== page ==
Opinion | A student's guide to making a real difference in the world


Students are massive consumers in our society. That is why it is so important that we educate ourselves on ways that we can live more sustainable lives. With so many societies and resources available to us, this task is easier than it's ever been before.

We consume a lot. From food, clothing, and energy, to media and electronics. We also waste a lot. And the planet can only give so much and take so much without being forced to deliver a large-scale correctional adjustment. This fix, while not necessarily to the benefit of humankind, is for the system to return to a state of ecological equilibrium-and this change is already being observed.

Hitherto the living standards that we relish today are courtesy of the less fortunate part of the world as well as the unborn. This two-dimensional space and time resource allocation is remarkably skewed towards the developed world and soon enough the fabric will tear apart once the physical boundaries are reached and the developing world catches up with increasing purchasing power. How we as students move the needle back to an ecological balance is the complex question of sustainability.

A dedication to creating a sustainable future| University of Bristol press office

Hitherto the living standards that we relish today are courtesy of the less fortunate part of the world as well as the unborn.

On the evening of Halloween, I joined a small congregation of people for a workshop hosted by the Bristol University Sustainability Team (BUST) to examine the effectiveness of individuals in making a difference in the real world. This workshop was aimed to untangle the issues of personal responsibility and whether a shift in individual behaviour could cause a corresponding shift in the system.

So, can students make a difference to the world? We found that the answer to this question is a resounding yes, but with some caveats.  As long as it is not at the expense of your well-being and others, it is always possible to make small (or big) lifestyle changes. We found there are three ways to make the biggest impact as individuals.

1)     Education

Educate yourself as a consumer by finding products that hold society and the environment to a higher standard. Fairtrade would be a good start. An informed consumer demanding better-sourced products would signal the market for a shift in supply, hence affecting the whole outcome. The other part of education would be investing in yourself by learning more about sustainability so that you could incorporate its fundamentals within your own domain.

An informed consumer demanding better-sourced products would signal the market for a shift in supply, hence affecting the whole outcome

2)     Communication

As the 2010s are coming to an end, one of the highlights this decade has seen is the explosion of social media. We did not ask for it nor did we vote for it, but it seems to be influencing a lot of important political decisions. Whether you are an active user or not, what goes on around social media does not stay within the system boundary and the effects trickle down to all pockets of society, good or bad, directly or indirectly. Regardless, it provides a tool for which people can use to communicate their opinions. As someone who possesses such an influential tool, you could use it by facilitating discussions and improving upon ideas.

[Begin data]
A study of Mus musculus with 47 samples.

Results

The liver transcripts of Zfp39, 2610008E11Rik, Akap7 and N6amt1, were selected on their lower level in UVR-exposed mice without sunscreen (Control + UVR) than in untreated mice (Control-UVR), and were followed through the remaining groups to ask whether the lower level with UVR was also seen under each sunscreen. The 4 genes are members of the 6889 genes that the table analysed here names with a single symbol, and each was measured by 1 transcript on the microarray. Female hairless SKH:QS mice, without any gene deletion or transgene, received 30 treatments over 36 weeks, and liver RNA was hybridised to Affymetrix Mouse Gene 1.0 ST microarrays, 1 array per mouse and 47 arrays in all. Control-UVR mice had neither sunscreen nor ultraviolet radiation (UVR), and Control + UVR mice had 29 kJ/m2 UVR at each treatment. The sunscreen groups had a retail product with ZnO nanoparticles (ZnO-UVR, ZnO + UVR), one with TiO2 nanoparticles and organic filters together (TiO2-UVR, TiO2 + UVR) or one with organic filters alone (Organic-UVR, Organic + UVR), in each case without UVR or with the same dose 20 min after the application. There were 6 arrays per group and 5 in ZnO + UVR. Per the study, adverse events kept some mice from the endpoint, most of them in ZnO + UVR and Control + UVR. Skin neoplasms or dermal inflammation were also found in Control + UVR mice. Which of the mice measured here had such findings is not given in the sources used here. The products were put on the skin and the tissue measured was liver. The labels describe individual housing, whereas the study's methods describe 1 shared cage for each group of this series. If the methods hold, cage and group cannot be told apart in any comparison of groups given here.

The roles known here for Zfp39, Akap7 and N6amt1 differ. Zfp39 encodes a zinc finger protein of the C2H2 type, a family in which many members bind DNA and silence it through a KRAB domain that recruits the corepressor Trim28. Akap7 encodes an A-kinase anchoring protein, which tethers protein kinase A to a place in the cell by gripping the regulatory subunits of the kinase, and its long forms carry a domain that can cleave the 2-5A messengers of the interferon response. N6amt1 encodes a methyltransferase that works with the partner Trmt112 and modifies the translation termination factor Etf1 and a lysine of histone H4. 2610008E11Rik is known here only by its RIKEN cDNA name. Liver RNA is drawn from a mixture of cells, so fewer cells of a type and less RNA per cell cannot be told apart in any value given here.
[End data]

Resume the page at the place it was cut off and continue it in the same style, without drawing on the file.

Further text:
3)     Join your community

There are more than a dozen sustainability-related societies at the university you could join

Finally, the change you can bring about in an environment scale up exponentially when you join forces. There are more than a dozen sustainability-related societies at the university you could join. It does not have to be within the university, even the city Bristol itself provides lots of opportunities that one can get involved in. A Google search will go a long way-or, rather, an Ecosia search, which is a search engine that plants trees.

The search engine that plants trees| Ecosia 

The common belief is that regardless of the positive impact choices that one makes, the system is governed by large corporations and ill-informed decision-makers who make negative impact choices. This is supported by a recent study which found that only 100 companies are responsible for 70% of global carbon emissions, so one person deciding not to eat meat on one day of the week would not make much of a difference. However, even though a large proportion of carbon emissions is by mostly oil companies and not by us, it is definitely for us. The supply side is fuelled by demand. We also have the power to vote for people who stand for the environment instead of against it. So, there is hope and it lies within every one of us, both individually and collectively.

Featured: University of Bristol press office


What changes are you making for a more sustainable future?